Title: Identification of soil-borne pathogens in a common bean root rot nursery in Isabela, Puerto Rico

Author
item Porch, Timothy - Tim
item Valentin, Suheidy - University Of Puerto Rico
item Beaver, James - University Of Puerto Rico

Submitted to: Journal of Agriculture of the University of Puerto Rico
Publication Type: Peer Reviewed Journal
Publication Acceptance Date: 1/9/2014
Publication Date: 5/2/2014
Citation: Porch Clay, T.G., Valentin, S., Beaver, J. 2014. Identification of soil-borne pathogens in a common bean root rot nursery in Isabela, Puerto Rico. Journal of Agriculture of the University of Puerto Rico. 98:1-14.

Interpretive Summary: Limited research has been completed on the root rot complex of the common bean in the Caribbean, while yield losses of over 50% due to root rot disease have been reported worldwide. In this study, the predominant root rot pathogens in a 40-year old common bean root rot field in Isabela, Puerto Rico were identified over three planting seasons. The most prevalent pathogens identified were Fusarium spp., of which Fusarium solani causes Fusarium root rot and Fusarium oxysporum causes Fusarium wilt; Macrophomina phaseolina, which causes charcoal rot; and Sclerotium spp., of which Sclerotium rolfsii causes Southern blight. Other fungi were isolated from root and hypocotyl tissue with less frequency. The incidence of the predominant soil-borne pathogens varied among seasons. In addition, poor soil fertility conditions, specifically low nitrogen, phosphorus, and potassium in leaf tissue, were identified in the nursery. Knowledge of the prevalence of soil borne pathogens will be used for targeting the selection of breeding materials in the Isabela nursery and in other testing locations.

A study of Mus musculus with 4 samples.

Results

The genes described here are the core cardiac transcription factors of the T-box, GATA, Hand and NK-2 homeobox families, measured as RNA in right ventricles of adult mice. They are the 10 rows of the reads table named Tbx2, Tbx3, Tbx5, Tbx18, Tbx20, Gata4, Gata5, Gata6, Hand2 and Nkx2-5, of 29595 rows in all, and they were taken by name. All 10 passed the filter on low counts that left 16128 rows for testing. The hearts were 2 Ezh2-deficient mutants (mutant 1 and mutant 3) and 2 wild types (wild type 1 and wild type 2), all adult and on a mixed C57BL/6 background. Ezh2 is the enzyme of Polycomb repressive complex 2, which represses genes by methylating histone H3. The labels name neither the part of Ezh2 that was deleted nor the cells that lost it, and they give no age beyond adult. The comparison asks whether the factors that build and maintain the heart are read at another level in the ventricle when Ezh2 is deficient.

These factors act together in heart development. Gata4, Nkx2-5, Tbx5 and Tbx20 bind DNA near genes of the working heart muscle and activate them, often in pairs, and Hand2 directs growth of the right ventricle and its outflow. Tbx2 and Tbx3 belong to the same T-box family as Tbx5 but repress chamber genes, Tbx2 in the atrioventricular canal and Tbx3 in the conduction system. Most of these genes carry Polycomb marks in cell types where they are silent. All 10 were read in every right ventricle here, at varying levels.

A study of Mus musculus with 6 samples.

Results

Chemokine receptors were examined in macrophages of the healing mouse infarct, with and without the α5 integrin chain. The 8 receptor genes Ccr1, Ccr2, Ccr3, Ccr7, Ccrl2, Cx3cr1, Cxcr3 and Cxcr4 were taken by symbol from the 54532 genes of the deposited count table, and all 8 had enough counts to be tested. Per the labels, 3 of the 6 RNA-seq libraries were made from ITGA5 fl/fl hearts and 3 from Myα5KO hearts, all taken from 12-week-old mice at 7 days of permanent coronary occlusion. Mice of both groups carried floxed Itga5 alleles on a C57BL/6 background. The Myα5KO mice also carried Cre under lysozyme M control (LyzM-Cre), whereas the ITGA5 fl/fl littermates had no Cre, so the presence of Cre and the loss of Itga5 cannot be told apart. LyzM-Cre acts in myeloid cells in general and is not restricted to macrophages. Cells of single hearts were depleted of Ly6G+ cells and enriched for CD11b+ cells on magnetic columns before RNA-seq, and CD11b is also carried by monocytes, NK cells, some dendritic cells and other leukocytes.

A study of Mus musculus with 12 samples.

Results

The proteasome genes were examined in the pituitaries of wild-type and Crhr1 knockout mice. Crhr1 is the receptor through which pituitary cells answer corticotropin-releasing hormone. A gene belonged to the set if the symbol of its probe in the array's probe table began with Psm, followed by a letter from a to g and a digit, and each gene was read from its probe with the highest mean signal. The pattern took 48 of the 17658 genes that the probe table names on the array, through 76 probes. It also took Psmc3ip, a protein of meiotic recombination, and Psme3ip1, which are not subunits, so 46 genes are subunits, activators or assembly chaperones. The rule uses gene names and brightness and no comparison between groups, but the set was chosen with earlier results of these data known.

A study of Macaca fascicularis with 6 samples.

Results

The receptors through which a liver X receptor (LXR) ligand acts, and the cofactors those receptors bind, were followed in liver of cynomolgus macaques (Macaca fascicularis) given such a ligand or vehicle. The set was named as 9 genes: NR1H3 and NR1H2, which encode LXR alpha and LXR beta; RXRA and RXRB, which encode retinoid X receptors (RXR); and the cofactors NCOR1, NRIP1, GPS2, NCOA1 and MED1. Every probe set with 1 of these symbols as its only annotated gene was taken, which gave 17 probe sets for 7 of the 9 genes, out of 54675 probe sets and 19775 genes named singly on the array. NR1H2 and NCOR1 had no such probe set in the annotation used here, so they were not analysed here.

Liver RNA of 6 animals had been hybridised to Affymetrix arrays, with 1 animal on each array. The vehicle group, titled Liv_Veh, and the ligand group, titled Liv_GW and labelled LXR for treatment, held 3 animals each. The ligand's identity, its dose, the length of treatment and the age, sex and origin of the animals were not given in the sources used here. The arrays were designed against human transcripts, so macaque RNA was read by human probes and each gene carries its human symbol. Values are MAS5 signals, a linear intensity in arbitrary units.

Technical Abstract: Limited research has been completed on the root rot complex of the common bean (Phaseolus vulgaris L.) in the Caribbean, while yield losses of over 50% due to root rot disease have been reported worldwide. In this study, the predominant root rot pathogens in a 40-year old common bean root rot nursery in Isabela, Puerto Rico were identified using standard diagnostic techniques over three planting seasons. The most prevalent pathogens identified were Fusarium spp., of which Fusarium solani causes Fusarium root rot and Fusarium oxysporum causes Fusarium wilt; Macrophomina phaseolina, which causes charcoal rot; and Sclerotium spp., of which Sclerotium rolfsii causes Southern blight. Other fungi were isolated from root and hypocotyl tissue with less frequency. The incidence of the predominant soil-borne pathogens varied among seasons. In addition, poor soil fertility conditions, specifically low nitrogen, phosphorus, and potassium in leaf tissue, were identified in the nursery. Knowledge of the prevalence of soil borne pathogens will be used for targeting the selection of breeding materials in the Isabela nursery and in other testing locations.